Hyderabad has embraced it, and so have Cairo, Denver, Hong Kong, Tehran, Memphis and Paris.
Nigeria has four of them in the pipeline – but it is Ekurhuleni that is the first in Africa. I’m talking about the aerotropolis, and many governments and investors are betting that this is a concept that will power economic growth in years to come.
An aerotropolis is an economy driven by an airport, which is integrated into all urban planning. In this vision, the airport is the centre of connections and the engine of trade and investment.
The term evokes images of the seamless global connections that science-fiction writers have long dreamt of. But with some 80 aerotropolis projects either completed or in development across the world, it turns out that the reality is already here.
Ekurhuleni Executive Mayor Mondli Gungubele is certainly evangelising it, so much so that he has earned himself the nickname “Mr Aerotropolis” by his local government colleagues.
Dr John Kasarda, the director of the Center for Air Commerce at the University of North Carolina and the father of the aerotropolis concept, says: “Airports will shape economic activity and urban development in the 21st century as much as highways did in the 20th century, railroads in the 19th, and seaports in the 18th.”
Kasarda was the keynote speaker at this week’s Airport Cities World Conference and Exhibition, which was held in Ekurhuleni, and in Africa, for the first time.
The conference signals the growing interest in Africa as an investment destination.
Growth is hard to come by these days, as gloomy headlines keep reminding us. Everyone wants a magic bullet, so it’s little wonder that the aerotropolis is attracting so much interest.
Putting the concept into practice is a massive, long-term undertaking that requires leadership, commitment, lots
of funding and coordination. But when it does work, it can make a major impact.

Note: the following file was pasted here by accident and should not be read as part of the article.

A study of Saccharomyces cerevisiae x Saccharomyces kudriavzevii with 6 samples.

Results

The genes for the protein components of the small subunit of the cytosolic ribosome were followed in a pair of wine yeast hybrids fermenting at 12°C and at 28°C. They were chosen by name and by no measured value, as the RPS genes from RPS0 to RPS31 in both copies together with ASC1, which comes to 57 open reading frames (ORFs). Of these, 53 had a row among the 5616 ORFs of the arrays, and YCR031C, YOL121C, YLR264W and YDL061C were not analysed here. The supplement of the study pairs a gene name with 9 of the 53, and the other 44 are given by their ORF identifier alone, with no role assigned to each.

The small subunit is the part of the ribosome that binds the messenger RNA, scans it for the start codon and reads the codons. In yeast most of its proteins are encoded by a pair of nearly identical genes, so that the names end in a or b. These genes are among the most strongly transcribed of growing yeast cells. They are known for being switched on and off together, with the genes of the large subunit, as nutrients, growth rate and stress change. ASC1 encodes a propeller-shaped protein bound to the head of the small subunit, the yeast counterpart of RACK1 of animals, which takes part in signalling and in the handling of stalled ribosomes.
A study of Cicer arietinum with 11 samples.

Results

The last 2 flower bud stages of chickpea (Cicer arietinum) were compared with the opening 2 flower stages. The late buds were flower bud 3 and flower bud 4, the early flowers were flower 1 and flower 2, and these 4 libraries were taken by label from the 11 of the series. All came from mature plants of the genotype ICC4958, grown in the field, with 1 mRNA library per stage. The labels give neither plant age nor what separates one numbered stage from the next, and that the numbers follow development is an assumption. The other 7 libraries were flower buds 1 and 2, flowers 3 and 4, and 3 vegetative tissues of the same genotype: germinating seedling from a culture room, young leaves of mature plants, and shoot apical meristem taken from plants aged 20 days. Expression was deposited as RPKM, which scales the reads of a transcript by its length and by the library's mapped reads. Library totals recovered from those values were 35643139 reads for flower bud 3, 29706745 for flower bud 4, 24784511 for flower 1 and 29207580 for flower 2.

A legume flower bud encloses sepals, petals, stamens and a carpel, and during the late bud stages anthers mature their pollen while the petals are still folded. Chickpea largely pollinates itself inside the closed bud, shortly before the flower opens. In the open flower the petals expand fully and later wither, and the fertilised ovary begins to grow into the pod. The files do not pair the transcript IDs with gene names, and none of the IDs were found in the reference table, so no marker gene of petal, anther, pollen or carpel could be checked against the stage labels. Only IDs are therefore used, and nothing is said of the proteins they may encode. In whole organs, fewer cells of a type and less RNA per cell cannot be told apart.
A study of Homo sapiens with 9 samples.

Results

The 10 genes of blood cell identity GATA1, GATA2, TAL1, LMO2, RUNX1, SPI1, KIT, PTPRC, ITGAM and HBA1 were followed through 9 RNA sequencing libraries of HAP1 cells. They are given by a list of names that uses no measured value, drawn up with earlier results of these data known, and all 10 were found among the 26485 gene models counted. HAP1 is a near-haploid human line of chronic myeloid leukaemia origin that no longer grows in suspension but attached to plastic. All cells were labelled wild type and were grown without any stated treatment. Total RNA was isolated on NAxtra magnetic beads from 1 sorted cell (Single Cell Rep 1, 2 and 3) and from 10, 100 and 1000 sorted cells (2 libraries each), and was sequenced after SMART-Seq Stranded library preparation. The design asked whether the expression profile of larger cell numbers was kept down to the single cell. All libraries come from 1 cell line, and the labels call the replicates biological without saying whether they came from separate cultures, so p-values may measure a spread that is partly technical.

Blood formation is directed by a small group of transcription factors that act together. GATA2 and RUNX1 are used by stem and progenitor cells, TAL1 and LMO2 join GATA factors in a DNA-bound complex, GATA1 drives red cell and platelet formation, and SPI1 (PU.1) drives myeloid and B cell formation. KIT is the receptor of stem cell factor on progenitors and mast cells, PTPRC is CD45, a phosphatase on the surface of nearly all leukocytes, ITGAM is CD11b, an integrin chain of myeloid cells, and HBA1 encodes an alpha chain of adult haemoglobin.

According to specialist consultants Aecom, the aerotropolis delivers seven times more high-value job growth than traditional downtowns. About 3?000 direct and indirect jobs are supported by each regularly scheduled long haul service, while a 10% passenger volume increase results in a 2% growth in jobs in the region.
By way of example, the Memphis aerotropolis, the second busiest cargo hub in the world, is attracting more than $1?billion in new private investment this year at a time when the US economy is under huge pressure.
Denver – which goes by the nickname “the Mile-High City” – is another case in point. According to the city’s Mayor, Michael Hancock, Denver International Airport is now the biggest economic asset in the Rockies.
Gungubele says: “Cities don’t compete, entire regions do, and the stage is global. Airports have become strategic levers of competition, making airport cities preferred destinations.
“It is no longer the distance that determines competitiveness but speed and accessibility.”
For Ekurhuleni, the appeal of the aerotropolis lies in its potential to create jobs, alleviate poverty and address inequality.
More than 1.1?million people in Ekurhuleni have no known sources of income and 61% of them are under the age of 34.
Consulting extensively with Kasarda, Ekurhuleni officially embraced the aerotropolis in 2011, incorporating the concept into its municipal spatial development framework as part of Ekurhuleni’s integrated development plan.
Last year, an aerotropolis strategic road map was adopted by both Ekurhuleni and the Gauteng provincial government. The spill-over effect of the aerotropolis will also impact Free State, KwaZulu-Natal and Mozambique.
The East Rand has always been seen as a gritty, less glamorous cousin of Joburg.
But thanks to its large manufacturing base and logistics businesses, it generates nearly a quarter of Gauteng’s gross domestic product.
With Africa’s busiest airport, South Africa’s busiest interchange and the country’s largest railway shunting yard, as well as entertainment and leisure facilities at Emperors Palace and elsewhere, it deserves its status as the continent’s first aerotropolis.
In a world where we feel more connected than ever thanks to the ubiquity and immediacy of social media, it’s easy to forget the importance of physical connections.
As Kasard points out: “The internet can’t move a box. It can’t move people.”